In his ongoing series Christian communicator Mal Fletcher examines some of the big issues of the day. Here Mal writes about that political and moral hot potato, trust.

Mal Fletcher
Mal Fletcher

By now, we've all had our fill of electioneering. Yet there is one big lesson we can carry away from the recent national election, and it's this. The biggest issue in any election is not the economy, or education, or even employment - it is trust. Across Europe and the world, the political landscape is constantly changing. Once something which existed at the periphery of most people's experience, politics has now come to touch almost everything in our lives.

The public's scepticism about civic and government leaders is most often motivated by a sense of mistrust. "All politicians make promises in their manifestos," some people will tell you. "But their promises are worth nothing after they're elected." Trust is the basis of all real influence. Whether we're building governments, businesses or families, there can be no leadership without trust.

Autocratic power may be a potent force for change, but it is short-lived. Autocrats are generally regarded with fear more than affection during their time at the top - and with loathing once they are gone. Power can be grasped, but true and lasting influence must be given. Influence comes with the establishment of trust. When people trust their leaders, there is openness, vulnerability, which is the currency of all social change.

What is the source of trust? A few years ago, the renowned Christian evangelist Dr Billy Graham was the subject of a LIFE magazine article. The writers of the feature piece noted that when people were drawn to Graham's ministry and campaigns, it was not his communication or organisational skills which held them. The key to his success, they noted, was that people saw in him a mark of sincerity. On that basis, they allowed him to influence their thoughts and decisions.

The first key to establishing trust is sincerity. The word comes to us from the joining of two Greek words: "sin" and "cera", which put together mean 'without wax'. In the golden days of Greek culture, expensive marble statues were not easily repaired. If someone accidentally knocked a chunk from a sculpture, the waxman went to work, moulding a lump of wax to match the missing piece of stone. When the wax was coloured and dried, you couldn't tell the real from the fake - at least, not from a distance. It was only when you got close that you could see the flaw. "Sin cera", without wax, equates to "real up-close".

Trust is also the by-product of character. Our character is gauged by the quality of our decisions and responses under pressure. Will we do the right thing, the morally upright thing, when we're under pressure to do the opposite? Mother Teresa spoke to a US presidential prayer breakfast in 1994. She looked out over a crowd of eminent political leaders and media figures and spoke out boldly against contraception and abortion. She also spoke for the poor.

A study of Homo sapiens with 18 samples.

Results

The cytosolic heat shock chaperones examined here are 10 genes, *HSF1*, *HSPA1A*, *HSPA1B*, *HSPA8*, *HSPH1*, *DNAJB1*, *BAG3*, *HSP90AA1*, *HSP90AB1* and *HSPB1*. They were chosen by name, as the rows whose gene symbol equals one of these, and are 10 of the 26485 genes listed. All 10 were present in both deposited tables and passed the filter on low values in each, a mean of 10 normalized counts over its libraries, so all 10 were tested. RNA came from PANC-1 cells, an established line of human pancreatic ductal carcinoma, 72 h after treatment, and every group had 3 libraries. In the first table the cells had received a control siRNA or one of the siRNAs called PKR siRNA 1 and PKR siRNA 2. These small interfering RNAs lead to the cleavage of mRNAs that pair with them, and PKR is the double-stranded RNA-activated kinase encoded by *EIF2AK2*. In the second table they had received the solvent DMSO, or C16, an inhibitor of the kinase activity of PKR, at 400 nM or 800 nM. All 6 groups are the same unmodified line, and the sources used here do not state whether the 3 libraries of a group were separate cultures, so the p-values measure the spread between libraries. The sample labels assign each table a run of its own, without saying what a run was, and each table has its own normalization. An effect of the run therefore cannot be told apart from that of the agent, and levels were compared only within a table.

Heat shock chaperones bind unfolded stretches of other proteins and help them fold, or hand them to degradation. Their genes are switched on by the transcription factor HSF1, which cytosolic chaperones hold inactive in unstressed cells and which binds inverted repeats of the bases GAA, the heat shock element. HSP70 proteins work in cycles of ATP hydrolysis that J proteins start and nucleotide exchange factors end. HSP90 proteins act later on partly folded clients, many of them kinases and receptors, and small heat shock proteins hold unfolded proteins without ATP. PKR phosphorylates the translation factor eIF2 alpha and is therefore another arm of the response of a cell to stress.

One reporter present at the time said that by the end of the talk there was almost no-one she hadn't offended. Yet, when she concluded, the group rose as one to give her a lengthy ovation. What were they applauding? It wasn't her conservative agenda: many of them disagreed with much of what she'd said. They were affirming her right to hold the strong convictions she expressed. She had earned the right to be heard. Her generous and selfless responses to all kinds of opposition revealed a strong character which matched her convictions. In an age where celebrity is often elevated over real achievement, character is still attractive.

The creator and producer of the Star Trek TV shows and movies, Gene Rodenberry, was once asked why he thought his characters were so attractive and meaningful for so many people. He answered that his characters were willing to lay down their lives for a cause they believed in, and, he added, there's a vacuum of that kind of leadership in our world today. Influence is also built upon strong relationships - the greater our links with people, the more profound is our influence.

Strong relationships are built upon encouragement. In a world that often seems intent on robbing people of the will to go on, encouragers literally give people back their courage. The world is looking for leadership which will inspire people and call them boldly forward in a risky world. Relationships are also strengthened by a service mentality. Not service as in, "I'll do this service for you if you pay me for it." No, service that says, "I'll do what's best for you because you have value before God, and before me."

People still want to trust. We don't mind being led. But we're looking for leaders who will demonstrate that they're real up close. Leaders who are not afraid to make morally upright choices even when under pressure to do the opposite. Most of all, we're looking for visionaries who know how to be servants.  CR

The opinions expressed in this article are not necessarily those held by Cross Rhythms. Any expressed views were accurate at the time of publishing but may or may not reflect the views of the individuals concerned at a later date.